Copper flashing is one of the most common types of roof flashing used, but it is far from the only material available. Copper does not hold paint as well as aluminium, and vinyl is probably the most lightweight flashing available. In some cases, you may choose to do without a physical flashing material at all and, instead, use a roof sealant that can be mopped, rolled or painted on. A roof sealant seals as well as any flashing material does.
For roof valleys, steel flashing has been the material of choice for many years. It is more durable than copper or aluminium and can actually add support to the sensitive joints where multiple pitches meet. Steel tends to be heavier than the other flashing materials, which means that it is also more time-consuming to implement. You can use steel flashing for most roof applications, but it may not be cost-effective if it is the only type of flashing material you use.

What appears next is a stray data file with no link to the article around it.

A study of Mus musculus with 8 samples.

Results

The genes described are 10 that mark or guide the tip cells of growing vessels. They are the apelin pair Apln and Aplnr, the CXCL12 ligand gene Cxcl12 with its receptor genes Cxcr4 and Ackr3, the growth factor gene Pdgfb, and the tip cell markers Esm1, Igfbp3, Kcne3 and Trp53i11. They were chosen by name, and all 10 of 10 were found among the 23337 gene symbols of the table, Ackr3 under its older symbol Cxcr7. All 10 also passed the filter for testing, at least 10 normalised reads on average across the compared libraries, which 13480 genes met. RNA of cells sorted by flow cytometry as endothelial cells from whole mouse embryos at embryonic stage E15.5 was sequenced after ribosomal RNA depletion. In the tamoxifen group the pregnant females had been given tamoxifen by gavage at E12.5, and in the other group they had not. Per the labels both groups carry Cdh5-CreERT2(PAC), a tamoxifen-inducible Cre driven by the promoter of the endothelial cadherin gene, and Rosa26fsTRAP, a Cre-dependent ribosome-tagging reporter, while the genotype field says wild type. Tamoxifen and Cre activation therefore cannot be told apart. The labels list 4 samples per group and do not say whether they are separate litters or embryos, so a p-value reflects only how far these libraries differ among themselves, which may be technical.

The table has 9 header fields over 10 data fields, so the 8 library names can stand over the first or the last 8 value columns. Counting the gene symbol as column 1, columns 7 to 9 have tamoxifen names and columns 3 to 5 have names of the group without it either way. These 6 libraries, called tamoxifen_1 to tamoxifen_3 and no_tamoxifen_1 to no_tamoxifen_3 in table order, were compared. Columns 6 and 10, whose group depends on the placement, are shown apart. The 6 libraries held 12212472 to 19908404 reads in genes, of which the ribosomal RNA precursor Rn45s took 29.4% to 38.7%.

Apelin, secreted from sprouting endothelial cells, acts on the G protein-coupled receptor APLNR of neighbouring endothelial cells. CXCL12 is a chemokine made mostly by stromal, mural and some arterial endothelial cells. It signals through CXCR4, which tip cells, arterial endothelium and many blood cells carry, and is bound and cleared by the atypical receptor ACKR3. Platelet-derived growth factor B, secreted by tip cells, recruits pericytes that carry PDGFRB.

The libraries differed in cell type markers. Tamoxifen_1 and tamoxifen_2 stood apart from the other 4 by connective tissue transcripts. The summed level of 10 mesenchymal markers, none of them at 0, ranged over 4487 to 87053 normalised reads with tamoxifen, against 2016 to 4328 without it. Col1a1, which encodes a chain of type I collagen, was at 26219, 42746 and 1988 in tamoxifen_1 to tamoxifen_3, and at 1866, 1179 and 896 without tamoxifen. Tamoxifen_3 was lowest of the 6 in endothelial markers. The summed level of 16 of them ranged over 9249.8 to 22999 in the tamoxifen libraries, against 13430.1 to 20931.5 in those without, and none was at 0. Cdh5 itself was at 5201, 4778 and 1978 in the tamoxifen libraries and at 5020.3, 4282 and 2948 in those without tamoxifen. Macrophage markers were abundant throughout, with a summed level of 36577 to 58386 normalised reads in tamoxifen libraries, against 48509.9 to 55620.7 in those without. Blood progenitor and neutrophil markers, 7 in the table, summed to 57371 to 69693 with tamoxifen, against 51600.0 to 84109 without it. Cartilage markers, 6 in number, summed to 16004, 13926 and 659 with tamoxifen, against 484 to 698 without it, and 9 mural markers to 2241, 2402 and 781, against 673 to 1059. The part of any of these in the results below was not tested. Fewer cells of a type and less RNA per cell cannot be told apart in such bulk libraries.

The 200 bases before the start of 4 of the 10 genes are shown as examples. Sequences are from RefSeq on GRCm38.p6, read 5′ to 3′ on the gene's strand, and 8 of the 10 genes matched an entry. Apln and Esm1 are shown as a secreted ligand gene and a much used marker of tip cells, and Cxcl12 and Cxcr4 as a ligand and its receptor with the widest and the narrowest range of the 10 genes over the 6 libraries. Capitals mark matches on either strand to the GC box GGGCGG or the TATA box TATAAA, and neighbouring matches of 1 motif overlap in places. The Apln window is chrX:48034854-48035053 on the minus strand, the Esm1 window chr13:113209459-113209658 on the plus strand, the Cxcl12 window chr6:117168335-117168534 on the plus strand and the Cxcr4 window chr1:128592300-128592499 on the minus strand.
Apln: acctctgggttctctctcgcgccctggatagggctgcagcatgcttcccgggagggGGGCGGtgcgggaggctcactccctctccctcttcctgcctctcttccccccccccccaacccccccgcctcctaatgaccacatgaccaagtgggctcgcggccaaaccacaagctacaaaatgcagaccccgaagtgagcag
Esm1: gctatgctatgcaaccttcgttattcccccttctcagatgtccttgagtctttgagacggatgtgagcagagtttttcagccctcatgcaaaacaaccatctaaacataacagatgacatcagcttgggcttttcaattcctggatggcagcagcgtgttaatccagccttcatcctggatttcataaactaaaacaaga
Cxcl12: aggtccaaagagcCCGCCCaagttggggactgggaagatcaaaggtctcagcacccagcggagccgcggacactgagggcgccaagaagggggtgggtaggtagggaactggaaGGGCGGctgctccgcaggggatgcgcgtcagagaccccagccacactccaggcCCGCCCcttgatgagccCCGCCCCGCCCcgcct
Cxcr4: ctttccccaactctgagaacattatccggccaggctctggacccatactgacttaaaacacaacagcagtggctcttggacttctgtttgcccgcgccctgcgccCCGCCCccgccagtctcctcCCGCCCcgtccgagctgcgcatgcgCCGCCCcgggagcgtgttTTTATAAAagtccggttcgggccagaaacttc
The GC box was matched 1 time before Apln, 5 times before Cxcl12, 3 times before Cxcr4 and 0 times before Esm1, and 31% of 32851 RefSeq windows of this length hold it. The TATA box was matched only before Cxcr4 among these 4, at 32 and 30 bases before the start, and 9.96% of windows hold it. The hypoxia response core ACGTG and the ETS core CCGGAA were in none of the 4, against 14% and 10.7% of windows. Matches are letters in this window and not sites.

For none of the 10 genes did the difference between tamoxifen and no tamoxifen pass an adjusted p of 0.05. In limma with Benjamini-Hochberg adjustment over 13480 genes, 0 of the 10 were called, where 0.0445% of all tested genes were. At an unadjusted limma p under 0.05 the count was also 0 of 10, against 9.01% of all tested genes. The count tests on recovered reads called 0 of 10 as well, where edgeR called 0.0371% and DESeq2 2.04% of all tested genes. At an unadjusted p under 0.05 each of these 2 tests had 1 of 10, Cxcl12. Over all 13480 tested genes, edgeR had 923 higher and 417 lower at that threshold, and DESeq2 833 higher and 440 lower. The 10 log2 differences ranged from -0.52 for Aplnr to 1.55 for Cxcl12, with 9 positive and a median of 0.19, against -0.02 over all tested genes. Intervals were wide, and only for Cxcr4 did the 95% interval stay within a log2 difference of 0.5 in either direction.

Vinyl flashing is even lighter than aluminium, and you can purchase it in solid colours that never need to be painted. Vinyl, though, can become brittle over time, resulting in cracks or breaks. When considering vinyl flashing, factor in the need to replace the vinyl every 10 years or so. One advantage of this material is that vinyl can give your home a more decorative appearance. Finally, if the initial cost is an important factor, vinyl may be a good choice for balancing finances.
There are many types of roof sealants. Some, such as rolled roofing, are rolled out to size and cut to fit the particular application. Other types of roof sealants, such as roofing tar, are swabbed, poured or painted in place. Sealants used in place of hard flashing generally have a rubbery texture when dry, allowing a certain amount of movement and pliancy between the roof and adjoining wall or roof pitch.